Wow. We heard all the hype, saw the college highlights, and watched him in pre-season. But none of that could prepare the football watching public for the sensation that was Robert Griffin, III on Sunday against the Saints. Griffin’s stats are shocking for a rookie quarterback, let alone one on the road, in a dome, in his first NFL game for the Washington Redskins. Yes, Griffin was 19-for-26 for 320 yards, two touchdowns, and no interceptions, looking like a Pro Bowl quarterback at the top of all facets of his game. He rushed 10 times for 42 yards including a 12-yard run on a third down and 16 where he eluded multiple rushers, bought time, and then turned it up field for the gain.
Stats aside, the interesting part is what this means for Redskins’ season. If Griffin can repeat that quality of performance, the Redskins’ many problems, fall away like so much fluff off a baby goose. Plenty of rookie quarterbacks who turned into nothing special have had good games. Even some rookie Redskins quarterbacks who turned into nothing special (which is pretty much all of them ever) have had good games.
So what makes Griffin’s game any different? Two things. One is the accuracy with which he threw the ball, and the second is his track record. Griffin has an amazing collection of talents: speed and arm strength among them. Watching the NFL draft you always hear about the physical gifts players have and you’d be forgiven for thinking that those were the defining characteristics of a good NFL quarterback. They’re not. The NFL is a quarterback’s league, but what defines a good versus a bad versus a great quarterback is the ability throw the ball with accuracy.
Aaron Rogers is huge and has a gun for an arm. He’d be a back-up or out of the league if he couldn’t complete passes with that gun. Drew Brees has a fine arm though you’d never confuse his for JaMarcus Russell’s, yet Brees is a Pro Bowl quarterback with a Super Bowl ring and Russell is the latest prime example of high first round failure. Why? Accuracy. Brees can thread the ball into the eye of a needle, and what’s more he knows when he can and can’t make a throw. They say in baseball good hitters are selective. They know when to swing and when not to, and even if the pitch is a strike, if they can’t hit it with authority they won’t swing. Brees is the same way. A guy might be open but if he can’t hit him, he won’t throw it. Similarly, a guy might be 99 percent covered, but if Brees knows he can put the ball where only the receiver can catch it, he throws it. The vast majority of times he’s right. That’s what makes him great.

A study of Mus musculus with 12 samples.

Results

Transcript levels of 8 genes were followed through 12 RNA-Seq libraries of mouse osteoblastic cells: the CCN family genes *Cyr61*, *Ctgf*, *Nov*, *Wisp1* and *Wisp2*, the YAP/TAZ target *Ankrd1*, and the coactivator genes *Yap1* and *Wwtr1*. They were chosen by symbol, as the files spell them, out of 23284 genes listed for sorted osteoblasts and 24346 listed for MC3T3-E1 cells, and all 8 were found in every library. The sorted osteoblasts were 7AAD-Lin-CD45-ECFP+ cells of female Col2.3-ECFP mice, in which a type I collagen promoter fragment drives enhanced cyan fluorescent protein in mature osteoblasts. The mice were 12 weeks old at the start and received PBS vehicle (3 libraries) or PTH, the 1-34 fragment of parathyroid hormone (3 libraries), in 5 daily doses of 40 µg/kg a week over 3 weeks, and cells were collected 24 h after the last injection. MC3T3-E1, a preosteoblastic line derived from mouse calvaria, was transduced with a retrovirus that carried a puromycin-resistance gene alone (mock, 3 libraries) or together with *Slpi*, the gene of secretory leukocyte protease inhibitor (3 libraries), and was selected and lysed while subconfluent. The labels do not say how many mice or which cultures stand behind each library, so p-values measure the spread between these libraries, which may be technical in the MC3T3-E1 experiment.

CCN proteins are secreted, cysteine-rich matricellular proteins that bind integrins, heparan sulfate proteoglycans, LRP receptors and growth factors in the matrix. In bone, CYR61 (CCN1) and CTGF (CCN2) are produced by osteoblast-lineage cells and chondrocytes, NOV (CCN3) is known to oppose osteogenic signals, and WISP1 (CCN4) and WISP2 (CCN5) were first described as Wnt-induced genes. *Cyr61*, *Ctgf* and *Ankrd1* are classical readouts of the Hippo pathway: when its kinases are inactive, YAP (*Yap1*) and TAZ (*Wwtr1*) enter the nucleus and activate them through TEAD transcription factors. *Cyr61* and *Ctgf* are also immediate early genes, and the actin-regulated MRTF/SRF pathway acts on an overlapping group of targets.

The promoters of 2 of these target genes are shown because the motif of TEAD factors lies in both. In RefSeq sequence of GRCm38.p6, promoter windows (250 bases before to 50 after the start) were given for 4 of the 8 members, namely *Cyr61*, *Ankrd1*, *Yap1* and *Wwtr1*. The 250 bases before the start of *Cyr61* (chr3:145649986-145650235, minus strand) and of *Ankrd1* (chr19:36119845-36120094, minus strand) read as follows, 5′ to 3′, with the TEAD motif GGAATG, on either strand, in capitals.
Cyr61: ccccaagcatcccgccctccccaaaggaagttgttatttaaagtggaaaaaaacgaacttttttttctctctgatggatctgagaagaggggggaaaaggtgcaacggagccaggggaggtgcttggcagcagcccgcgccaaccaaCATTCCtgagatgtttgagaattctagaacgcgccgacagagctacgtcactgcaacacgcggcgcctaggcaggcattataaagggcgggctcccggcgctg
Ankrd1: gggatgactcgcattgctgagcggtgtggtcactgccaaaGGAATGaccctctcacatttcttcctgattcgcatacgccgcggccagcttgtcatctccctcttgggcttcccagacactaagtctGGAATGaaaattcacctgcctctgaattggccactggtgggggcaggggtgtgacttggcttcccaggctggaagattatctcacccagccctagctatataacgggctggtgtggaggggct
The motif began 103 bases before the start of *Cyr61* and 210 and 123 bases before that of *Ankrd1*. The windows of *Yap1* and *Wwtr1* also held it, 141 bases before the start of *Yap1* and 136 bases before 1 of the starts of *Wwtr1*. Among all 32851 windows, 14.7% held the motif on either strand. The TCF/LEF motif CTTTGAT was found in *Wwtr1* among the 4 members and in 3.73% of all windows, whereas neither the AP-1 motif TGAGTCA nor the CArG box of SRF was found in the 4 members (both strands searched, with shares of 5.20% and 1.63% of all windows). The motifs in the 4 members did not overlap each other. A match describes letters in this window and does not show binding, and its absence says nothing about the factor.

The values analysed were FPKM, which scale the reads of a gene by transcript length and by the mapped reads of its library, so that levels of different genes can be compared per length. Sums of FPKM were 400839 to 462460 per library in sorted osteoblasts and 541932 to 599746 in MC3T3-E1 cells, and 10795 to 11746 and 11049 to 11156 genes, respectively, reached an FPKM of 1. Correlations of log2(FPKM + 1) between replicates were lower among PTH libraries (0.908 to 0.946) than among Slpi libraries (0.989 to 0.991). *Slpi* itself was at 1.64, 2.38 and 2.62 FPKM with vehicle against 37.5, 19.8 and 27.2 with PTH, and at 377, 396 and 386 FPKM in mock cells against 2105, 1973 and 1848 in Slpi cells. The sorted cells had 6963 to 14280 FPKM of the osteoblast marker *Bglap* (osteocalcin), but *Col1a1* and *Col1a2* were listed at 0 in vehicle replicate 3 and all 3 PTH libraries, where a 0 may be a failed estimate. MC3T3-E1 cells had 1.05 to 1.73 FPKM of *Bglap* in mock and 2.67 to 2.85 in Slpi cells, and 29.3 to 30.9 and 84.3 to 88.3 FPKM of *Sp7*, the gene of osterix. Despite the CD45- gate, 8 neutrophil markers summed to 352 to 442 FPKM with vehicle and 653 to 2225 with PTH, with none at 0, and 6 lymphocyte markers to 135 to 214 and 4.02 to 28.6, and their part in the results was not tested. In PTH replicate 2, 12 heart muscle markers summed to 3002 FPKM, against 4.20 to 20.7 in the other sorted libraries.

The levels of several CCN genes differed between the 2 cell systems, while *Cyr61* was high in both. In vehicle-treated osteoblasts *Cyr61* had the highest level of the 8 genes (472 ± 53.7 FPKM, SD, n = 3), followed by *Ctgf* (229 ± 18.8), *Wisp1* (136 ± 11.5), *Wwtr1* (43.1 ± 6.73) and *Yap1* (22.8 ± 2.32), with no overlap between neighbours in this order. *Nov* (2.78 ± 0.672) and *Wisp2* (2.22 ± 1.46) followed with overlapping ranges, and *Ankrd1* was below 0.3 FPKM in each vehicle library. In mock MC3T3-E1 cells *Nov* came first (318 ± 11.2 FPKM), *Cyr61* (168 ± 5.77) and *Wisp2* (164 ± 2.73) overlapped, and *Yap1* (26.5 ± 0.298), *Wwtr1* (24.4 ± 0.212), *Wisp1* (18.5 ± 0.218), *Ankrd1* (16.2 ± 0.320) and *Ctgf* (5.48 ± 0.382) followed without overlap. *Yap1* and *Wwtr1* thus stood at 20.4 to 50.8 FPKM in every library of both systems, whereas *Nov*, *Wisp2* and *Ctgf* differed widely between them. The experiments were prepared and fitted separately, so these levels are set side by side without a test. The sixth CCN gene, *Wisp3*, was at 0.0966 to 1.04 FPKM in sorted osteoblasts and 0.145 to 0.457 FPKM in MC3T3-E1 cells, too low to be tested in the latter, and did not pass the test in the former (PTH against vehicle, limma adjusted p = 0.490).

It remains to be seen if Griffin can continue to do that, but he sure succeeded on Sunday afternoon under difficult circumstances. He repeatedly hit Redskins receivers in their hands while they were on the move, hit Redskins receivers in the hands while he was on the move, and what’s more, he didn’t attempt throws he couldn’t make. Maybe that is because with his arm strength he can make every throw, but I doubt it. Probably it’s because Griffin knows his limitations and doesn’t try to exceed them. Probably it’s also because the Redskins coaches didn’t put him in position to fail by avoiding plays that didn’t showcase his strengths.
But coaches can game plan all day and not come away with a performance like Griffin’s on Sunday. He took the plays that were called and turned them into gains on the field. The first touchdown pass, the 88-yarder to Pierre Garcon was a nice catch-and-run. It further showed the Saints defense to be a work in progress, at least on that specific play, but nonetheless it was a perfect throw that only the receiver could have caught. If that throw is behind Garcon or at his feet, that’s a decent 15-yard pick up and the Redskins have 73 yards left to go to score.
Even more impressive was the 27-yard pass to Fred Davis to start off the second quarter. Griffin rolled to his left, eluded an on-coming defender, repositioned himself and, having never taken his eyes off the field, threw the ball on a line back across to the left sideline into the hands of Davis. Coaches teach quarterbacks not to throw back across the field like that because most guys can’t make that throw. Griffin gunned it hitting Davis right in the hands.
These plays that I’m describing match up with what Griffin did in college. He was a high percentage passer who made smart plays and rarely turned the ball over. That often describes a player who doesn’t take chances and doesn’t generate much offense, a take-care-of-the-game quarterback, someone who relies on the rest of the team to win the game and who’s job it is to not lose. That’s what made Griffin so spectacular on Sunday. He was a don’t-lose-the-game quarterback who made plays. You can’t buy those guys in stores.
Again, how repeatable is Griffin’s performance? Based on his body of work in college and the pre-season, and based on the accuracy of the passes, it’s hard to say anything other than “very repeatable.” Now sure, even great quarterbacks have off days and Griffin isn’t yet a great quarterback. He’s a rookie who will struggle at some point because all rookies struggle at some point. I was reading some quotes from the Saints coaching staff after the game. They were asked if anything Griffin did surprised them. They said no. They had prepared for all of it. If true, it’s a pretty impressive compliment for Griffin. It means that the Saints had him planned for but he was too good to be stopped. It’s one thing if a play catches a team off guard. It’s another entirely if you know what’s coming but simply aren’t good enough to stop it.